In his State of the Union address, President Bush gave some hope to small business owners struggling with the soaring costs of health insurance.
/ Source: The Associated Press

In his State of the Union address, President Bush gave some hope to small business owners struggling with the soaring costs of health insurance.

Bush called on Congress to approve the creation of association health plans, or AHPs, which allow small companies to band together and buy insurance at much cheaper rates than they are currently able to get on their own. Small business advocates have long lobbied for passage of AHP legislation; last year, the House easily approved an AHP bill, but the measure didn't make it out of the Senate.

Many small business lobbyists are hopeful that with Bush's endorsement, AHPs will make it through Congress this year.

One of the most vocal pro-AHP groups is the Associated Builders and Contractors, which represents 23,000 construction firms, most of them small businesses.

"The nature of the construction industry pretty much requires it (health insurance) to be provided," said Katie Strong, the Washington-based group's director of legislative affairs. But, she said of small construction firms, "for them to be out there in the current health care market, they're getting killed."

The problem is that small companies, unable to achieve the same economies of scale as businesses with thousands of employees, are being hit by double-digit premium increases. According to the National Federation of Independent Business, which is lobbying for the creation of AHPs, 60 percent of the more than 40 million uninsured Americans work for small businesses.

A law permitting the nationwide formation of AHPs would allow insurers to bypass state coverage requirements and offer one policy across the country.

Currently, a health insurance policy must provide whatever coverage is mandated in the state where the insurance is sold. Different states have different coverage requirements, so a company in Wisconsin, for example, might not be able to buy a policy written in Kansas.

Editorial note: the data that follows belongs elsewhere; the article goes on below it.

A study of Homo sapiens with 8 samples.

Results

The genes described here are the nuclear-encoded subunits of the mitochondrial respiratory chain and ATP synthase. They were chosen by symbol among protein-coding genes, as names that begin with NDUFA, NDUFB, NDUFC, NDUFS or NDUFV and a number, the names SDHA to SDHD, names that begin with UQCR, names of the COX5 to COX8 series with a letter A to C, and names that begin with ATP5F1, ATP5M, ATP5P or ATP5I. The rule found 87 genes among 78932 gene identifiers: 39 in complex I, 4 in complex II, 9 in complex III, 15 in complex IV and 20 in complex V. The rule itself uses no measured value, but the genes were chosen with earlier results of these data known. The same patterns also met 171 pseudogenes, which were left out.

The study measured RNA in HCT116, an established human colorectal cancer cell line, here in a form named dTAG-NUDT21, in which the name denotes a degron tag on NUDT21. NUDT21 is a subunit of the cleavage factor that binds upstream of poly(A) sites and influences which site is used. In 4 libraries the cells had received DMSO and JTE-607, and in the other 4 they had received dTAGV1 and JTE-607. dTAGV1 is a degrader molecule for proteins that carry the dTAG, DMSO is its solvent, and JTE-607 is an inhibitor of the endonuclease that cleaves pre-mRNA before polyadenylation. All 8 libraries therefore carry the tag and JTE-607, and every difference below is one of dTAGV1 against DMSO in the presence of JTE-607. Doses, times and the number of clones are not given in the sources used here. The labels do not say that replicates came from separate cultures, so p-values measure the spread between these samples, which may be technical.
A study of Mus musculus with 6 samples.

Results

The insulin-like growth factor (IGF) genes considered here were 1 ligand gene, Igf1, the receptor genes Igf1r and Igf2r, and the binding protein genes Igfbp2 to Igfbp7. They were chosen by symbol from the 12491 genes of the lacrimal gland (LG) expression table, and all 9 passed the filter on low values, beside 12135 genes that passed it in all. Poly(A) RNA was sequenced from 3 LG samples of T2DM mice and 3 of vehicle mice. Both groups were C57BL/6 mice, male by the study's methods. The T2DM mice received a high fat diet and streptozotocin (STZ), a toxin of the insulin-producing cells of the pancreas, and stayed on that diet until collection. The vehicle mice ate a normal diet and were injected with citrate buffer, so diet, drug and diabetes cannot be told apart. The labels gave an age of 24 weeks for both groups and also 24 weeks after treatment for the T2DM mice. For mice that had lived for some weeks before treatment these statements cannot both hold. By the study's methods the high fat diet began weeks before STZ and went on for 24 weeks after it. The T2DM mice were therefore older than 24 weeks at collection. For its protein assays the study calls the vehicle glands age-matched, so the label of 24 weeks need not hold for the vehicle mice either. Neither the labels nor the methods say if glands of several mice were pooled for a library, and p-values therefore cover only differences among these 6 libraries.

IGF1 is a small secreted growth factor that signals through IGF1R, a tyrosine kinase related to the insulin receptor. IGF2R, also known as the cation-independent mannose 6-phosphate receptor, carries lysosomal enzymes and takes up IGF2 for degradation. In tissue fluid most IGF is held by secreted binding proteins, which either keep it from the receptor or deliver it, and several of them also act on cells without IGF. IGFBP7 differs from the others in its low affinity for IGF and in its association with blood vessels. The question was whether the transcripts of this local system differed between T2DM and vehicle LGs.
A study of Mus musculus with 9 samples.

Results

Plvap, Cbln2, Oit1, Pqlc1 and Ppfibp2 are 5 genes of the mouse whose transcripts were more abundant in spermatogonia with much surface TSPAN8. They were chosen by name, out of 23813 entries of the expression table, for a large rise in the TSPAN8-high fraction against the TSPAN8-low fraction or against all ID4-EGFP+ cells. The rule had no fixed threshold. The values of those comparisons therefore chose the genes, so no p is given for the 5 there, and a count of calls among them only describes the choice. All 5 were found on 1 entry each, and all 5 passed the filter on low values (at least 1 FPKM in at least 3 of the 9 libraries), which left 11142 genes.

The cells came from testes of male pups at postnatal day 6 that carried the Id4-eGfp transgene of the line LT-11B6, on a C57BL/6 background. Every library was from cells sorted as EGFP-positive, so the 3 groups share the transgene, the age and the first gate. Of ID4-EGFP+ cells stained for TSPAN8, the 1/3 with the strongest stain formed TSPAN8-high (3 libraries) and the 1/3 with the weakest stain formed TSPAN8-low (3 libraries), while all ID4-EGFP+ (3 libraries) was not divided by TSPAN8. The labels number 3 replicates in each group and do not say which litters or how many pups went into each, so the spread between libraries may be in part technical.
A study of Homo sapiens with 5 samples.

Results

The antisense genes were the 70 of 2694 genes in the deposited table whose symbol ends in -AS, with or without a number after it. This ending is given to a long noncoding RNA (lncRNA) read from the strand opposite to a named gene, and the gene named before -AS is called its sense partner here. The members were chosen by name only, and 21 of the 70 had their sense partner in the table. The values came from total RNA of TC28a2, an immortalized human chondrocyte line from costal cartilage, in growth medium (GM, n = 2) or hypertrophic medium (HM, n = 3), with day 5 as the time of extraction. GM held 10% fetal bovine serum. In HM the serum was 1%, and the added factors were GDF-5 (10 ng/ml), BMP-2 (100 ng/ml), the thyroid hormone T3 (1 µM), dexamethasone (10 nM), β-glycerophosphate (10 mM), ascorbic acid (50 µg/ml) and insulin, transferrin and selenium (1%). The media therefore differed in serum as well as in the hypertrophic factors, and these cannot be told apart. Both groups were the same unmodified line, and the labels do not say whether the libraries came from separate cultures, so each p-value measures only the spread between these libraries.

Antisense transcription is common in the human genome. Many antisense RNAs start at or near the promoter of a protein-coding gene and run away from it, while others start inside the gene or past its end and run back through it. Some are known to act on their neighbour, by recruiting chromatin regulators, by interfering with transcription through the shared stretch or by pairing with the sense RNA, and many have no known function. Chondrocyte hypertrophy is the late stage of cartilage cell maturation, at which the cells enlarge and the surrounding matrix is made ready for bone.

With those state barriers removed, more companies could buy into the same policy, lowering the costs for all.

But not all small business advocates believe AHPs are the solution.

Todd McCracken, president of the Washington-based National Small Business Association, worries that AHPs may "do more harm than good."

"They (the AHPs) may choose not to include some more expensive coverage," McCracken said, adding that in such a case, sicker or older workers would be forced to look elsewhere for coverage. Or, a company wanting to help its workers would be forced to buy more expensive coverage from a different provider, defeating the purpose of the AHPs.

McCracken said insurers would be able to exclude some medical conditions because AHPs would not be bound by state laws.

But Ianthe Jackson, an NFIB spokeswoman, said AHPs would comply with federal coverage mandates under ERISA, the law that governs employee health benefits.

Amanda Austin, the NFIB's manager of legislative affairs, said AHPs would not be required to comply with state laws calling for specific treatment options for diseases or medical conditions. But, she said, many plans might opt to cover them in hopes of being more competitive and drawing more subscribers.

The Associated Builders and Contractors points to its own experience operating state-by-state AHPs as proof that they help small businesses save on health costs.

Joe Rossmann, the group's vice president for fringe benefits, said his organization ran AHPs for 40 years, until 2000. He said that of each dollar contractors and builders spent on insurance from the plans, between 13.5 and 16 cents went to administrative fees and profits. For small companies buying directly from insurance carries, those costs came to 35 cents.

The group ended the plans because it was too costly to operate in so many different states.

Strong, the group's vice president, predicted that small businesses would get good deals from AHPs because it will become a highly competitive market.

"You're going to get associations competing against each other," she said. "Members of local chambers of commerce or the NFIB or electrical contractors — they're all going to be shopping to see which association is going to provide them the best package."